Skeleton Journeys

During the summer after my junior year of high school, a professor named Ken Sroka held summer English classes at a local college, a course called “Journeys in Literature”. At the time, it felt like an island of time to think and read and grow. We read Joseph Campbell, Joyce Carol Oates, Robert Pirsig, James Joyce, Lawrence Ferlinghetti… writers that shaped how I came to regard the world. Part of that course was an investigation into the question: Go or stay? Learn something new and risk failure, or deepen your roots where you are and risk stagnation? I’ve pondered these same questions ever since, turning them over in my hands — they feel heavy and smooth from years of worrying, like a well-worn leather-bound book.


Recently I picked up Sherman Alexie’s The Lone Ranger and Tonto Fistfight in Heaven, and he has this to say:


Your past is a skeleton walking one step behind you, and your future is a skeleton walking one step in front of you. Maybe you don’t wear a watch, but your skeletons do, and they always know what time it is. Now, these skeletons are made of memories, dreams and voices. And they can trap you in the in-between, between touching and becoming. But they’re not necessarily evil, unless you let them be.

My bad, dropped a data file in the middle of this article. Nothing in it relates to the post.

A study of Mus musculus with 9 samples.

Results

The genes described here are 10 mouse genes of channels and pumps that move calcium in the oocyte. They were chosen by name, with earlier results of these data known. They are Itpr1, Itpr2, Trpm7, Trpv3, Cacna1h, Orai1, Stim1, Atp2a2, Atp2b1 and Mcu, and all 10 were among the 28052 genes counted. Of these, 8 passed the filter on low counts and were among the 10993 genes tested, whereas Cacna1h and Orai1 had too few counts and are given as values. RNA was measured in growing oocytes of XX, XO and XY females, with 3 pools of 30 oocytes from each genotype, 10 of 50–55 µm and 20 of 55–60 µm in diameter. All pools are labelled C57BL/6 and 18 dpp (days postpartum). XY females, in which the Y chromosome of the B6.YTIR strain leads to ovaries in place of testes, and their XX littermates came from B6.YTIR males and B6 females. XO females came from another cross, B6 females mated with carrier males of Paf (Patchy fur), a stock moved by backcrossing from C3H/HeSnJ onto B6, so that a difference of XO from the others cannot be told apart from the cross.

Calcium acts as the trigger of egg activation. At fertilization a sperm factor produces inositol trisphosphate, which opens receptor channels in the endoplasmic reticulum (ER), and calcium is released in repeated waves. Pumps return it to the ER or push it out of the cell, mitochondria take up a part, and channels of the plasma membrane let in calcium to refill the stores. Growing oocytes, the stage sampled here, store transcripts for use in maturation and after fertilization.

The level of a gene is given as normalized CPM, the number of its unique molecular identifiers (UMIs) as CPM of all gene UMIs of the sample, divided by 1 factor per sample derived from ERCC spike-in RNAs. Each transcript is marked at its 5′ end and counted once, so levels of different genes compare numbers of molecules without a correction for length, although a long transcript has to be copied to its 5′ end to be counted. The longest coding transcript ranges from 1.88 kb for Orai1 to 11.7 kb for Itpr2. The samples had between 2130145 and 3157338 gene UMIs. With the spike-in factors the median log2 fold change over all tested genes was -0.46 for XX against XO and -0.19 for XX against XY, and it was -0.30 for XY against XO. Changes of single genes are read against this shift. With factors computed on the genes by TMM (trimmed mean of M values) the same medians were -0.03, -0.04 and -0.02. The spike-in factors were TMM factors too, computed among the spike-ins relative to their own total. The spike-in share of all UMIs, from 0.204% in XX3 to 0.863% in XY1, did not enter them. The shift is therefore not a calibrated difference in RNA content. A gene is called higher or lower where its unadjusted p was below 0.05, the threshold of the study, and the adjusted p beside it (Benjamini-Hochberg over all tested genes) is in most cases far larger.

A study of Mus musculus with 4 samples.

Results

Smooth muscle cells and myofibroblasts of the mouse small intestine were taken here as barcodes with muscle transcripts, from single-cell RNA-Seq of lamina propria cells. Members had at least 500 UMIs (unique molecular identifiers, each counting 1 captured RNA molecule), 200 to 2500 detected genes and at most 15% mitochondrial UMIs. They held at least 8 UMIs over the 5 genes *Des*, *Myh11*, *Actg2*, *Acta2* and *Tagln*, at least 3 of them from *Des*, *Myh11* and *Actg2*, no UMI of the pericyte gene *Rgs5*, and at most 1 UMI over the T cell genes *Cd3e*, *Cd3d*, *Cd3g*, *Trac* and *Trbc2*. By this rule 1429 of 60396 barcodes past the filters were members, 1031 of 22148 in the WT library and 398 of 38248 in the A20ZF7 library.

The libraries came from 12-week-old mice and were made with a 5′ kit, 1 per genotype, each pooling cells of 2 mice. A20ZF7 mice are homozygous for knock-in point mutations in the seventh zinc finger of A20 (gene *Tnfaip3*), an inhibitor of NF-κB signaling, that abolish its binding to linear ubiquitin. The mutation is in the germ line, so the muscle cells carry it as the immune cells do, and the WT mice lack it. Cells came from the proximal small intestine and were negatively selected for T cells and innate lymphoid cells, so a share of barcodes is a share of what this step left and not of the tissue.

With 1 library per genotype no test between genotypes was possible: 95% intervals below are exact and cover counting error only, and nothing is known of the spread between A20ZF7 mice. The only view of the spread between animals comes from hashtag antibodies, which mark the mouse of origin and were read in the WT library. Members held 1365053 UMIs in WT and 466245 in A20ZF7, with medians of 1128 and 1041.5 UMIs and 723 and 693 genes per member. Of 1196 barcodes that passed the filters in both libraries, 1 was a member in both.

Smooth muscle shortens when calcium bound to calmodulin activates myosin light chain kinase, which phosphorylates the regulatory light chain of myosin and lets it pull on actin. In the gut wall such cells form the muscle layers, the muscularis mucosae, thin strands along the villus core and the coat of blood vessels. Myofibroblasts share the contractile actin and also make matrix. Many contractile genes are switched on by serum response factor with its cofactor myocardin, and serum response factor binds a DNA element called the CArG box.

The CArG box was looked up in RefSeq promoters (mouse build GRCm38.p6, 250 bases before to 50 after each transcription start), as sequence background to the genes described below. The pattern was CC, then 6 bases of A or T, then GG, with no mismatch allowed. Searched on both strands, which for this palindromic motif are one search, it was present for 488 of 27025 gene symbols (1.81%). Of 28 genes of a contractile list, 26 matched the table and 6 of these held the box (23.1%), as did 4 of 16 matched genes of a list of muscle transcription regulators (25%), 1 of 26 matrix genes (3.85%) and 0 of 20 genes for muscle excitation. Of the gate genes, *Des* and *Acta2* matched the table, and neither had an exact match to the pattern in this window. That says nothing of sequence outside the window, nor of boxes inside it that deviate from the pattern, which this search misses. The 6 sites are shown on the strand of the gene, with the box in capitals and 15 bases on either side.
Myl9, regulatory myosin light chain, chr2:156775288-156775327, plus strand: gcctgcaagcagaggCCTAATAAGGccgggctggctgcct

What you have to do is keep moving, keep walking, in step with your skeletons.  They ain’t ever going to leave you, so you don’t have to worry about that… Sometimes, though, your skeletons will talk to you, tell you to sit down and take a rest, breathe a little.  Maybe they’ll make you promises, tell you all the things you want to hear.


Sometimes your skeletons will dress up as beautiful Indian women and ask you to slow dance.  Sometimes your skeletons will dress up as your best friend and offer you a drink, one more for the road.  Sometimes your skeletons will look exactly like your parents and offer you gifts.


But, no matter what they do, keep walking, keep moving.  And don’t wear a watch.  Hell, Indians never need to wear a watch because your skeletons will always remind you about the time.  See, it is always now.  That’s what Indian time is.  The past, the future, all of it is wrapped up in the now.  That’s how it is.  We are all trapped in the now.